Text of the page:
AT&T Business CEO Anne Chow Reflects on Leadership, Discrimination as an Asian-American Woman


In her March 25 talk “Leading as Lifelong Learner,” Chow described her path from pursuing a career in technology to leading one of the largest networking corporations and explored how she has adapted her leadership style as an Asian-American woman in business and engineering.

Chow is the co-author of The Leader’s Guide to Unconscious Bias: How to Reframe Bias, Cultivate Connection, and Create High-Performing Teams, which explores how leaders can create more inclusive workspaces, and was recently featured in Fortune’s 2020 Most Powerful Women.

“Be a lifelong learner. You will never know everything so don’t try to do that. But fuel that curiosity,” Chow said in the virtual Cheng Distinguished Lecture in Technology, an annual lecture that allows leaders in technology to connect with the Cornell community.

Chow said her experiences at Cornell as an electrical engineering and business student cultivated her resilience as a leader. 

“How many times do you feel like you’re failing but then you get back up? For me it was countless … times over those six years,” Chow said. “My experience at Cornell taught me about resilience, taught me about grit, taught me that there isn’t actually such a thing as failure. There is only success and learning.” 

Chow’s resolve propelled her through her career at AT&T, where she started as a network architect in 1990 and gradually moved into sales and strategy. But as she continued to build her career in business technology sales, Chow recognized that men held most of the powerful positions at the company — and resolved to bridge this gap.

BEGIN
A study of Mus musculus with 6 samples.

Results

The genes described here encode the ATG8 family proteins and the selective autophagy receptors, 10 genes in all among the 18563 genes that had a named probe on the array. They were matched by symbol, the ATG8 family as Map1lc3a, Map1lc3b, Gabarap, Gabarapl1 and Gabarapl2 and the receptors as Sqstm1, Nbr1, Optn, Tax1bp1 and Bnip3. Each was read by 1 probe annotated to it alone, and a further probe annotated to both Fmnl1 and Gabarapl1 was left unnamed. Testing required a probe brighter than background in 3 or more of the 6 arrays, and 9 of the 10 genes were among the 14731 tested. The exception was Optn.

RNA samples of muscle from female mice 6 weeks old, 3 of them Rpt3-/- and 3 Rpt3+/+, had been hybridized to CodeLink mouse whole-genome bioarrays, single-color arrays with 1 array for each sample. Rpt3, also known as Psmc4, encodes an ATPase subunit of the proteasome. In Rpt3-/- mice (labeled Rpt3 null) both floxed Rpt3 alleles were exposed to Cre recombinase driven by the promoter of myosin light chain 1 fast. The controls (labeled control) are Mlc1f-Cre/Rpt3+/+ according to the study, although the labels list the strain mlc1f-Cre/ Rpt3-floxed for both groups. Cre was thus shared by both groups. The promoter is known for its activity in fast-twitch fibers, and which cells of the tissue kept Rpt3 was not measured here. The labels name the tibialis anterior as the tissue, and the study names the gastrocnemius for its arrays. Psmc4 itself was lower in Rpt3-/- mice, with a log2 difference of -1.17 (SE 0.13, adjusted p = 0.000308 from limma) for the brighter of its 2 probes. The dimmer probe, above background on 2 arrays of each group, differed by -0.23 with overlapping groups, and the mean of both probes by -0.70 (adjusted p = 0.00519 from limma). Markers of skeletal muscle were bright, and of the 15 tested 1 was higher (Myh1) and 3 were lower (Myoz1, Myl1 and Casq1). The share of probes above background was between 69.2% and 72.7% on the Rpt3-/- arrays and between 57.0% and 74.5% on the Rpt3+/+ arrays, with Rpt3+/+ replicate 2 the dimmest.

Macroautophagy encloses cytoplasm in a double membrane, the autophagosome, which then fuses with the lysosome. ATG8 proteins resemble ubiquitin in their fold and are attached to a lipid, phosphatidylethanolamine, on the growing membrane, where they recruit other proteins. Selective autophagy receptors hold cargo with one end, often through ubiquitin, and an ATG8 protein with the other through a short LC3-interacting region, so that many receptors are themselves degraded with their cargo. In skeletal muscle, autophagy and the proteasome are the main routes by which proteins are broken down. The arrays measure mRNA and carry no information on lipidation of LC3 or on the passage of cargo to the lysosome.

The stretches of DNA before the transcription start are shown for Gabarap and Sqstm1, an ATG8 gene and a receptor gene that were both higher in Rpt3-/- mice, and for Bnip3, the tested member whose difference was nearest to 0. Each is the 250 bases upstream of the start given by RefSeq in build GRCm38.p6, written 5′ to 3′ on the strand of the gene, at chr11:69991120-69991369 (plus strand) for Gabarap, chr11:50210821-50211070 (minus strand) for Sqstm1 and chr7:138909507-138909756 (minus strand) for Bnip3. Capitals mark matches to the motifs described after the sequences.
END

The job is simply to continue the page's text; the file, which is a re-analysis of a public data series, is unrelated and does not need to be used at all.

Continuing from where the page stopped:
“As a woman of color, I recognized that there were not a lot of minorities or women in those jobs that were responsible for [business] strategy,” Chow said. “So I worked hard to break out of that technical realm.” 

As an Asian-American woman in engineering, Chow recalled that she was often the only woman — and almost always the only woman of color — in her technical classes at Cornell. However, this experience also empowered her to educate others on the impact of unconscious gender and racial biases in the tech industry. 

“You realize that some of these things that you experience are not actually coming out of a place of malice. They’re coming out of a place of ignorance,” Chow said. “[It is] racial insensitivity, not deep racism, and I’ve learned to peel that back and take moments of opportunity to enlighten people and to educate them.”

Chow launched a series called “Candid Conversation” that invites speakers from various backgrounds to share how their social identities have shaped their experiences in corporate America. She believes these conversations will spread awareness of unconscious bias at AT&T and encourage listeners to reflect on their words and actions toward minorities. 

“We all have bias … and it is that unconscious bias that is so dangerous because it shapes our words, our actions and our decisions and we don’t even know it,” Chow said.

However, for Chow, the task of educating others comes with its own set of burdens.

“Whenever I do these [conversations], I get some hate mail,” Chow said. “These are difficult topics and I want to meet people where they want to be met.”

Chow said she hopes that “Candid Conversation” can create a workplace culture and environment that feels safe for all her employees to address racism and social injustice. 

Chow called on Cornellians to act on these injustices, reminding viewers there is always more to be done to embrace diversity, equity and inclusion. 

“We’ve each been given the ultimate gift of this one life to live,” Chow said. “Make a difference and leave a legacy that makes the world a better place for everyone.”